Racial inequality in education is an entrenched and enduring issue in American society. Despite this, many continue to suggest that education is the great equalizer and a sure pathway to opportunity. This roundtable discussion invites Brown faculty to reflect on some of the current conditions in the US school system.
How has education failed black, brown, and poor children? What new hurdles will these vulnerable children face in the post-COVID-19 era? What challenges and opportunities to more equitable teaching and learning have the battles over curriculum revealed? What best practices may ensure that education supports the growth and well-being of a diverse community of learners?
This panel features four Brown scholars: Prudence Carter and Margot Jackson of Sociology, and Jonathan Collins and Andrea Flores of Education. Watch the event recording and read more about the speakers below.
This event is co-sponsored by the Department of Education.
Prudence L. Carter is Sarah and Joseph Jr. Dowling Professor of Sociology at Brown University. She is a sociologist whose primary research focuses on explanations of enduring inequalities in education and society and their potential solutions. Her books include the award-winning Keepin’ It Real: School Success beyond Black and White; Stubborn Roots: Race, Culture, and Inequality in U.S. & South African Schools; and Closing the Opportunity Gap: What America Must Do to Give Every Child an Even Chance, co-edited with Kevin Welner. Professor Carter is the 2021-22 President-elect of the American Sociological Association.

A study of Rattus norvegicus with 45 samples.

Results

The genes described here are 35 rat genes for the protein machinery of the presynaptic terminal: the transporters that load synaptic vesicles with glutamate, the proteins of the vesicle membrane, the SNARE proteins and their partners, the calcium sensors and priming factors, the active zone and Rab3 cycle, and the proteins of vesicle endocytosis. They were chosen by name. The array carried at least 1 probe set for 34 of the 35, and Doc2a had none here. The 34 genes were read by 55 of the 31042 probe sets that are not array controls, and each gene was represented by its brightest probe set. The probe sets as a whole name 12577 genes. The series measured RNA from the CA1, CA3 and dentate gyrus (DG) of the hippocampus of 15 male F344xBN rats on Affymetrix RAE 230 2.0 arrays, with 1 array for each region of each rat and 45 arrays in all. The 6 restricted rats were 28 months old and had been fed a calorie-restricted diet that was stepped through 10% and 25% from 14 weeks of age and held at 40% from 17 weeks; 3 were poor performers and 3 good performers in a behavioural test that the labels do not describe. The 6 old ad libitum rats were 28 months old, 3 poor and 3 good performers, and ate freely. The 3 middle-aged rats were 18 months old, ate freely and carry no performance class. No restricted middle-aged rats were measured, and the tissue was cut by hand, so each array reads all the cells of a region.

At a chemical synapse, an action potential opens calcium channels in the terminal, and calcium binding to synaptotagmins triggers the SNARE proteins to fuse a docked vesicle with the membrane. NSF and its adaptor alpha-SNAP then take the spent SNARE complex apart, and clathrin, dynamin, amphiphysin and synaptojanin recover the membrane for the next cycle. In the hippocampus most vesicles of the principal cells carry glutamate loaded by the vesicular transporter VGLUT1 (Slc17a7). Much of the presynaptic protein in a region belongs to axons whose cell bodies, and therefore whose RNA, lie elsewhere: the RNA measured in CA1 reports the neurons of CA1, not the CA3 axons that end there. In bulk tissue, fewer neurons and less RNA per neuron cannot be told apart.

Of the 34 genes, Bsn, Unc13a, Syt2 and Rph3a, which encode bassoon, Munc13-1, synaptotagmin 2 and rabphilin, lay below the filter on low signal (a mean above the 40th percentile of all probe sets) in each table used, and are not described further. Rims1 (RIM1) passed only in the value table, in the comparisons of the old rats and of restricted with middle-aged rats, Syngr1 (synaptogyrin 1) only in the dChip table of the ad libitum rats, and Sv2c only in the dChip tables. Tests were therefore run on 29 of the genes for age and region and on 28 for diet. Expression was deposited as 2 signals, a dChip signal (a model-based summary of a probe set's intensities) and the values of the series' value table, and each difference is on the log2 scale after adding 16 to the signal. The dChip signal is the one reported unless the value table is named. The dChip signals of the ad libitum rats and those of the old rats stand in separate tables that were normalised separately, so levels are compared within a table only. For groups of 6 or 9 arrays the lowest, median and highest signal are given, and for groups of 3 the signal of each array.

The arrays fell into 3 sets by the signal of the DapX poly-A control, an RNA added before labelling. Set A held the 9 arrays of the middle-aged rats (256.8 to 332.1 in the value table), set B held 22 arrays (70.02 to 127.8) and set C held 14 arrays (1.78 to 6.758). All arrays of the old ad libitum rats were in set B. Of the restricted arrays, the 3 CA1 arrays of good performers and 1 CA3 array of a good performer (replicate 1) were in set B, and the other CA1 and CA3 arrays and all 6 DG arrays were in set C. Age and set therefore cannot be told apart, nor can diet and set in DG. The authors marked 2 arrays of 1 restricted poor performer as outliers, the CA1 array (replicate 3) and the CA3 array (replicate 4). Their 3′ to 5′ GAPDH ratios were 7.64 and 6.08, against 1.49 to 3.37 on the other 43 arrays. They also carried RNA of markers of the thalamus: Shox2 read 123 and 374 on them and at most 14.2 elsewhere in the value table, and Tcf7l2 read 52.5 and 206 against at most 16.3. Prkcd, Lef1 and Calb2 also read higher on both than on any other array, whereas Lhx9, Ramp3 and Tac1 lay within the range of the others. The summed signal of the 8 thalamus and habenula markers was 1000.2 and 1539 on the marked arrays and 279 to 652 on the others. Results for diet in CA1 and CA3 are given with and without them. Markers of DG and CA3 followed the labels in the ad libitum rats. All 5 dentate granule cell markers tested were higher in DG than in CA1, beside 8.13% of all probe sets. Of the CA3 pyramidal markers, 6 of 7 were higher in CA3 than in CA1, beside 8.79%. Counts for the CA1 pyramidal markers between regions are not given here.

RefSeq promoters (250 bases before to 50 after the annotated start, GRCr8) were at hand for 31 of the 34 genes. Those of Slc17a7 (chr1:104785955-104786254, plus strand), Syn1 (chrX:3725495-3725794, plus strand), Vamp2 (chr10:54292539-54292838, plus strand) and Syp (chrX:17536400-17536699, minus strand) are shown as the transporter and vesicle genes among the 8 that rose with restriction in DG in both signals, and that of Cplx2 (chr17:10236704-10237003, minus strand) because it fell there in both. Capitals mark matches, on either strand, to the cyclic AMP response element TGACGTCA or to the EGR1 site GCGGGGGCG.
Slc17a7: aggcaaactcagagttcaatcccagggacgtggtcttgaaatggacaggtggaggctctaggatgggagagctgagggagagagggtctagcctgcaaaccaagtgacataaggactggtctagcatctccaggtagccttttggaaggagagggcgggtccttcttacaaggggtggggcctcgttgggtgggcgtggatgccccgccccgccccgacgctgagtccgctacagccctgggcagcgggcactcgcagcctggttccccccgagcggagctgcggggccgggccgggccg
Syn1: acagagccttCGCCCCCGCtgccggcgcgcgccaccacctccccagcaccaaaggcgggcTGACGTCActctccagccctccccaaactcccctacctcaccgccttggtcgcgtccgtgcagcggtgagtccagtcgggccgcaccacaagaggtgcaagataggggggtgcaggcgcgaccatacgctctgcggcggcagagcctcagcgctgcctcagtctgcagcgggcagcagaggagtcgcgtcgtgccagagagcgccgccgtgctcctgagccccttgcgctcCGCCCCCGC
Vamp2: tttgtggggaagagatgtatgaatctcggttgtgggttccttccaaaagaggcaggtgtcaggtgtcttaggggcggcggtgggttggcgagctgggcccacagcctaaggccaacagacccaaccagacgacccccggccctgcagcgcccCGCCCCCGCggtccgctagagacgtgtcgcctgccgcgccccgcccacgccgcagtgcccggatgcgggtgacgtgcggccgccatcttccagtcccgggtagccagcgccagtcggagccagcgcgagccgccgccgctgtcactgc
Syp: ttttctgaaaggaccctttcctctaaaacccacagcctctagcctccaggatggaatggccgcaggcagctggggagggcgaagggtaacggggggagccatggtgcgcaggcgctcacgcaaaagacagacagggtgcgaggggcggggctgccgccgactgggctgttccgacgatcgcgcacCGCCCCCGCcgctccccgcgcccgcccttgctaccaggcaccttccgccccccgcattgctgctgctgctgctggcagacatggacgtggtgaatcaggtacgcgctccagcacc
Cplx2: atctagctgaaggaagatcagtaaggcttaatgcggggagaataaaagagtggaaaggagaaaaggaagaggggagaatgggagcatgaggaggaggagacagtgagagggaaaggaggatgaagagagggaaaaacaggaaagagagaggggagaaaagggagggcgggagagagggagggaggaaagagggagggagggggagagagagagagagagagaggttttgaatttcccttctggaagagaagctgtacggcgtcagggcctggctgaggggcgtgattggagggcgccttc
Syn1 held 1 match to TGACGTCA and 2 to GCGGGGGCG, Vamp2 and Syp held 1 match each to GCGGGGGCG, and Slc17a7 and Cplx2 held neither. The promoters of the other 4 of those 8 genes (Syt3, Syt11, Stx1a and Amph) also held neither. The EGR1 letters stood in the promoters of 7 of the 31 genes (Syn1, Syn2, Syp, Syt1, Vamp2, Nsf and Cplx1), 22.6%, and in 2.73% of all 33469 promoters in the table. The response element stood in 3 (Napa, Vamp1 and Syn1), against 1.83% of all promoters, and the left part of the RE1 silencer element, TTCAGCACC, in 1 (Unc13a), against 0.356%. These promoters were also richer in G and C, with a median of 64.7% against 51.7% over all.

Jonathan E. Collins is an Assistant Professor of Education, Political Science, and International and Public Affairs. His research focuses on urban school reform, local politics, race and ethnicity, civic engagement, and deliberative democracy. His research has been supported by the Spencer Foundation and the U.S. Department of Education's Institute of Education Sciences and published in the American Political Science Review, the Peabody Journal of Education, Political Behavior, and other peer-reviewed journals.
Andrea Flores is an Assistant Professor of Education. She is a cultural anthropologist whose research interests primarily center on how education shapes immigrant and immigrant descendants’ sense of self, transitions to adulthood, and social belonging in the U.S. She is the author of The Succeeders: How Immigrant Youth are Transforming What it Means to Belong in America, released with University of California Press in 2021.
Margot Jackson is an Associate Professor of Sociology and an affiliate of the Population Studies and Training Center (PSTC), the Annenberg Institute, the Taubman Center for American Politics and Policy, and Spatial Structures in the Social Sciences at Brown. Her research focuses on the study of poverty and inequality among U.S. children and families, and on the role of childhood circumstances in contributing to intra- and intergenerational poverty.